What do we mean by multiliteracy? How can multimodality help us get a message across? In this blogpost, Michelle Ocriciano provides a simple definition of literacy, explores the concept of multiliteracy and multimodality and wraps up by talking about the international literacy day.
Literacy is often referred to as the ability to read and write. But, in fact, it is so much more. Literacy can be defined as the result of the action of reading and writing and the understanding of language as a social practice. In this way, people write with the purpose of interacting and acting in different social contexts. The practice, in this context, is a social phenomenon that is not limited only to space and school relations but encompasses a new view on the modalities of reading and writing. A much longer (and better!) explanation is given in this video by Denice Turner.
Multiliteracy and multimodality
Depending on the context you teach, you might have heard either a lot or very little about Multiliteracy. We can certainly infer that it is about teaching in the field of Languages. But what does it really mean? Very simply put, Multiliteracy is a term created in the 90s by a group of academics committed to the development of a new literacy pedagogy called the New London Group.
According to prominent members Mary Kalantzis and Bill Cope, multiliteracy refers to two major aspects of communication and representation today: the variety of meaning conventions in different spheres of life (cultural, social or any specific domain) and multimodality that results from the characteristics of the new means of information and communication.
The first aspect refers to linguistic varieties and has become increasingly relevant to the forms of interaction in different social contexts. For this reason, traditional literacy which is focused primarily on formal rules and a single standard in a language, is perceived to no longer be enough. The sociolinguistic conditions of everyday life require that we prepare students to be able to move through the various social environments in which the conventions of communication can be very different. Such differences are consequences of several factors such as culture, social class, gender, life experience, work field and so on. So, multiliteracy proposes literacy that explores language varieties.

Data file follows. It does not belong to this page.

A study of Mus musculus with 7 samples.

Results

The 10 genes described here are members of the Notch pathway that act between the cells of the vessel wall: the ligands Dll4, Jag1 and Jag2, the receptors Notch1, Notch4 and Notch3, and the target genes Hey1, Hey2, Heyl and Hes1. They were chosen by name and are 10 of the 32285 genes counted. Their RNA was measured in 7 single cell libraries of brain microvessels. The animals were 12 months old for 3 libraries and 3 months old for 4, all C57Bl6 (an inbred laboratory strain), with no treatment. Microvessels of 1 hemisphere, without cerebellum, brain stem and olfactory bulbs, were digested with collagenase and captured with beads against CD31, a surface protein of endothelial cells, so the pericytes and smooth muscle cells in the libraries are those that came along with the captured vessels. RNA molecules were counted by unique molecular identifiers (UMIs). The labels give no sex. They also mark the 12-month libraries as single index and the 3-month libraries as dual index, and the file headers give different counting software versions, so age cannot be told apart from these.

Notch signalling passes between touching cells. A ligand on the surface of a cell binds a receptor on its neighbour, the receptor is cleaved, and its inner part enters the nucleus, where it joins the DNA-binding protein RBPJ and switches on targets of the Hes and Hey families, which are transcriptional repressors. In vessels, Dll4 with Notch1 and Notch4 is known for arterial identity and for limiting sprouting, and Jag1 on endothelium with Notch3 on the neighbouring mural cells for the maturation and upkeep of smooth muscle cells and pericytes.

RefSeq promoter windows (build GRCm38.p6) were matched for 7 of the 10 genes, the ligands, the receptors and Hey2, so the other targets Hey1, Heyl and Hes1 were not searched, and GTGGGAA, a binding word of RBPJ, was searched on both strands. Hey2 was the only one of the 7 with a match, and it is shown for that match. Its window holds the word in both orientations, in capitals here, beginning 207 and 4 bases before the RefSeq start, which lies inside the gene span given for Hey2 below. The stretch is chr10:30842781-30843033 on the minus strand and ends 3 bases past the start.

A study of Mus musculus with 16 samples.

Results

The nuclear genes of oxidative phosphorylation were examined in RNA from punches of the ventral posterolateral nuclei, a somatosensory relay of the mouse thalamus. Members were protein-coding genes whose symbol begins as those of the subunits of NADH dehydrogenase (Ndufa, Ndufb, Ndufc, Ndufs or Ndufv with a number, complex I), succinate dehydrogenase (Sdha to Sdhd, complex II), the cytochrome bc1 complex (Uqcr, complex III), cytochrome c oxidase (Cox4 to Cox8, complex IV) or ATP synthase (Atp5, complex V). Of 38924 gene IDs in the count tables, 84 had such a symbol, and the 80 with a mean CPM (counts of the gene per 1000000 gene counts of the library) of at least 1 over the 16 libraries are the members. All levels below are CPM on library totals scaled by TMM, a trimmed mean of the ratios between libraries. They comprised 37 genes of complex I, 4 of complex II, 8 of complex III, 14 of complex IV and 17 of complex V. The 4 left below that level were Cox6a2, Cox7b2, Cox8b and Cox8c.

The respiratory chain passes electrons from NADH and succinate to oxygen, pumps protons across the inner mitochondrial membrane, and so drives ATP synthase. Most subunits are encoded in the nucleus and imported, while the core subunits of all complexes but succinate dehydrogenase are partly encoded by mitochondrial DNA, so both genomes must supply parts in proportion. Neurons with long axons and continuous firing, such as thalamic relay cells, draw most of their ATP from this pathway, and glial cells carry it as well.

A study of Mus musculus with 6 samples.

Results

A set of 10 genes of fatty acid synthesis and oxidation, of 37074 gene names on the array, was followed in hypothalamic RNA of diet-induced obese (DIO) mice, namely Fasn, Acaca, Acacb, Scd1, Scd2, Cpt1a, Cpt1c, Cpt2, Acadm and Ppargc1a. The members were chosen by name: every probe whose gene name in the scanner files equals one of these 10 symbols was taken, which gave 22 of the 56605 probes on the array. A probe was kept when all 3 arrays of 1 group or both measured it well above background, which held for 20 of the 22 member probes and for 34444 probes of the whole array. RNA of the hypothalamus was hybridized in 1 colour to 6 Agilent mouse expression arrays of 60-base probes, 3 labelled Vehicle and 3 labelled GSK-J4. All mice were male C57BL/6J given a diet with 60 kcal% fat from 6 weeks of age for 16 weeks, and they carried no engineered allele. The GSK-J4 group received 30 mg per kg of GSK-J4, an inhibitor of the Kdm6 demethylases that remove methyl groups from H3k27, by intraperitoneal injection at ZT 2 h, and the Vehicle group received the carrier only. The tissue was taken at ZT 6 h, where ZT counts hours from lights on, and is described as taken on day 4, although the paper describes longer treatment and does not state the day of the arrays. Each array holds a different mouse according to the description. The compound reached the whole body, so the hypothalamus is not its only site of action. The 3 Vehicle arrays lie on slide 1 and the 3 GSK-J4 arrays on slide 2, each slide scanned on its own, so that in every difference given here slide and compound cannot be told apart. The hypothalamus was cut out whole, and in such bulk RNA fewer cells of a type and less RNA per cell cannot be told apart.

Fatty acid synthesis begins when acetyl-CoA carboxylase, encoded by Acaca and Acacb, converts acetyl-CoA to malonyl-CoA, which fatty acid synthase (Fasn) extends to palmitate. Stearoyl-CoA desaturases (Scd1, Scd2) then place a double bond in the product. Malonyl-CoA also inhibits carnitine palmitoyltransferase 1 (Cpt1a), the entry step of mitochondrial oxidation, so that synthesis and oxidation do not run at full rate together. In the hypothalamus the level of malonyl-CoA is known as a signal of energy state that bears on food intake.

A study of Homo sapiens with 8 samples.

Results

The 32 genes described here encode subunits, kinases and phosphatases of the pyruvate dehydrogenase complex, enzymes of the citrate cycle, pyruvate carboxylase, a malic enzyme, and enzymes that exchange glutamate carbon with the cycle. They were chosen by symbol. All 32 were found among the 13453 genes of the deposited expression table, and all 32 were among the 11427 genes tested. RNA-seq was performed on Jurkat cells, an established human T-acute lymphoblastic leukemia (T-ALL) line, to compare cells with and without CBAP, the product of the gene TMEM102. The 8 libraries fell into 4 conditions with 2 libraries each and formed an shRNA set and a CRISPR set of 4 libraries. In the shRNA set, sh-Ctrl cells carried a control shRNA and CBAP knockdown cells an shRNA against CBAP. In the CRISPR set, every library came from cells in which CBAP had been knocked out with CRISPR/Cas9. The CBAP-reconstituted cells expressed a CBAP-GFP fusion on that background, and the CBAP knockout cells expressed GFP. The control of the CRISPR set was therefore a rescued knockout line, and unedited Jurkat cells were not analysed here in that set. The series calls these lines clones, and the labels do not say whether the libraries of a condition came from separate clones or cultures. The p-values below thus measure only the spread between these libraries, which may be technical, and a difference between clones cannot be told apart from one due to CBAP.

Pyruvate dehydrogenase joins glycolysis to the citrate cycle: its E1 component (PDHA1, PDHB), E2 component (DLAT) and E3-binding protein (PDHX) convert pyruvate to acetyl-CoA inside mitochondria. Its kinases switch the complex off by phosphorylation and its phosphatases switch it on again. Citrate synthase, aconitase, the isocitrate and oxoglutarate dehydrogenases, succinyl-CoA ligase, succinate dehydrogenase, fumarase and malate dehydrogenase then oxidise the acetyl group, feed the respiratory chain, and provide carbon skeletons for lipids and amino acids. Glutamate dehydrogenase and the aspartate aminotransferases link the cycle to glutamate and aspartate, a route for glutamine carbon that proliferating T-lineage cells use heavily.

Multimodality can be seen as other ways of getting a message across and be understood other than in the written form. And, although the written language has traditionally enjoyed more prestige, it has never been the only form of communication and recording. For some time, different means of recording and transmission with their own rules and patterns of meaning such as oral, visual, auditory, tactile, and spatial are related to each other and to the medium of writing.
Thanks to digital technologies, these media are gaining more and more space. That is why it is necessary to expand the literacy pedagogy so that it does not only privilege written representations, but, rather, seeks teaching and learning that goes beyond. That is, in today's learning environments, it is necessary to supplement the tradition of reading and writing with multimodal representations. The following are nice videos by the Illinois College of Education with Mary Kalantzis and Bill Cope explaining a little bit more about the concept of Literacies and Multiliteracy pedagogy focusing on learning by design. If you have some time and like watching videos to learn more, the whole series is highly recommended.
International Literacy Day
The 8th of September was proclaimed International Literacy Day by UNESCO in 1966 to remind the international community of the importance of literacy for individuals, communities and societies, and the need for intensified efforts towards more literate societies. I think it is a good idea to have a look at the UNESCO website to see what the initiatives are being planned for this year’s celebration.
You might be thinking it is too early to think about September, it might be! But I prefer to play it safe and tell you now in June, so if you want to, perhaps, create a multidisciplinary project with the other subjects, other teachers or even collaborate with different schools, you actually have time to start planning ahead.
So what are your plans for the literacy day? I’d love to read all about them.